The Interview: John Crowley on 'The Goldfinch', adapting other people's work, and non-linear storytelling

The Interview: John Crowley on 'The Goldfinch', adapting other people's work, and non-linear storytelling

Even though John Crowley has pinged back and forth from England, the US and Ireland since the '90s, his Cork accent is still impeccably present in every conversation he has.

Indeed, even speaking to him over the phone with a dodgy line, you can still hear the melodic tones of his Douglas Road upbringing without the faintest hint of losing it - despite the fact that he's directing the likes of Nicole Kidman, Luke Wilson, Sarah Paulson on film or working with Woody Harrelson in theatre on a fairly regular basis.

Pressure, it seems, doesn't seem to affect him, and he's not forgotten how a Cork person should sound like.

As he talks brightly and vividly about 'The Goldfinch', his latest movie which sees him adapting the polarising novel by Donna Tartt, Crowley remarks that adapting other people's work is really - when you come right down to it - remembering what struck you about it in the first place. But does that, in turn, mean you have a pressure to be faithful to the book, or do you follow your own path with it?

"I had a very vivid memory of what it felt like to read the book," John explains, "and that's your compass - what you responded to it. That's your best bet. If you're true to that, then you have a chance at being true to something in the book."

"I wouldn't know how to second-guess book fans and, also, I was very keen that I didn't want to make a book that wouldn't play to an audience that didn't read the book. That said, if you loved the book, you're not going to start ripping it asunder, you're going to try and capture what you think was special about it."

'The Goldfinch' was, by all accounts, an incredibly polarising novel. Stephen King loved it. The likes of The Sunday Times UK and the Paris Review hated it. It spent thirty weeks on the New York Times' bestseller list, and won the Pultizer Prize in 2014. If there was any pressure in adapting it, Crowley didn't seem to show it when talking about the movie.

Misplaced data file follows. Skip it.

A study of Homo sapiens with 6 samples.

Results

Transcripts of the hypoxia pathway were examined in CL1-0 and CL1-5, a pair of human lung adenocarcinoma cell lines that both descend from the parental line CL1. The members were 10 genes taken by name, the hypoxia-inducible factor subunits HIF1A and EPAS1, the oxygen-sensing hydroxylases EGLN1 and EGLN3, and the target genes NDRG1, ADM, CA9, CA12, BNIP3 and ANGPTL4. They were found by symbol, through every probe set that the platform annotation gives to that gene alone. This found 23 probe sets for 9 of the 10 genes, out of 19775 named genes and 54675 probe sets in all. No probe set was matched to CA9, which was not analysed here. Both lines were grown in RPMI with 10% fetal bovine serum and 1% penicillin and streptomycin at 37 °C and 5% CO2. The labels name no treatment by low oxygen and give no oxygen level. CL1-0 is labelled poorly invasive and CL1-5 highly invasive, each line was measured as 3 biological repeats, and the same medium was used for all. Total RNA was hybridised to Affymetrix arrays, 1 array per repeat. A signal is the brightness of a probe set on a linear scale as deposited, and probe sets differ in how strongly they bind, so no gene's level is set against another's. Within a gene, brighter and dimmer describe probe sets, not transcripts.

Crowley points to a section in the film and the book, about how if you love something and it talks to you across time or a culture, your responsibility isn't just to consume it, but to see it for what it is, how important it is and pass that on. When it comes to transposing a book to another medium, however, it's not enough to simply - in John's own words - "lob the book on the screen."

"We gave it a completely different structure, but that was necessary to transfer it into a different medium. There's no way of doing the whole linear story in a single film," John argues.

A linear approach to story isn't something all that common in his output, to be fair. 'Intermission', for example, plays out across the city of Dublin with diverging and intertwining stories. 'Brooklyn', meanwhile, splits itself across Ireland and the US and the push and pull of the past and the future.

'Boy A', a haunting adaptation of Jonathan Trigell's novel of the same name, deals with a young man attempting to hide his past and his story unfurling through flashbacks to a horrific crime in his youth.

When he talks about editing 'The Goldfinch', John references Nicolas Roeg, a director whose work includes the likes of 'Don't Look Now', 'The Man Who Fell To Earth', and, most pointedly, 'Bad Timing', a movie told in a non-linear fashion about a relationship between a psychology professor and a young woman that hides a dark secret.

Nicole Kidman as Mrs. Barbour and Ansel Elgort as Theo Decker / Credit: Warner Bros.


"The idea of playing with two time frames was always there, and then in the edit, we took that idea much more forward. The one filmmaker I thought about a lot when I was making this was Nicolas Roeg, who said ' an editing room, all time is available, all the time...' and I love that idea that a film creates its own relative time frame," John believes.

"You can express the idea this young man (Elgort's character), even though he's different to when he is now, he still has the same problems, the past still rests on his shoulders and it's going to sit there until this problem explodes or kills him."


For all the ideas and high-minded thinking about story and relative time and all this, the nuts and bolts of making a film is never far from his mind. When discussing how he and cinematographer Roger Deakins were able to walk through the areas of New York and the like where they were filming, he points back to 'Brooklyn' - the Colm Tóibín adaptation - and how he often had to hide parts of Enniscorthy because it didn't look like the village in the '50s and focus on Saorise Ronan.

By the end of the interview, we've moved off 'The Goldfinch' altogether and are on to his theatre work, discussing 'A Very Expensive Poison' in the Old Vic. Written by Lucy Prebble, the play takes on the assassination of Alexander Litvinenko and casts 'The League of Extraordinary Gentlemen' star Reece Shearsmith as Vladimir Putin.

He's working on a musical adaptation of 'Local Hero', Bill Forsyth's comedy-drama about a sleepy Scottish village being bought by a Texas oil company in the '80s, with Mark Knopfler of Dire Straits providing the music.

In all of this, it seems, John Crowley doesn't feel the slightest tinge of pressure, whether it's dealing with reviews for 'The Goldfinch', tackling complex political conspiracies on stage, or untangling the intricacies of someone else's work.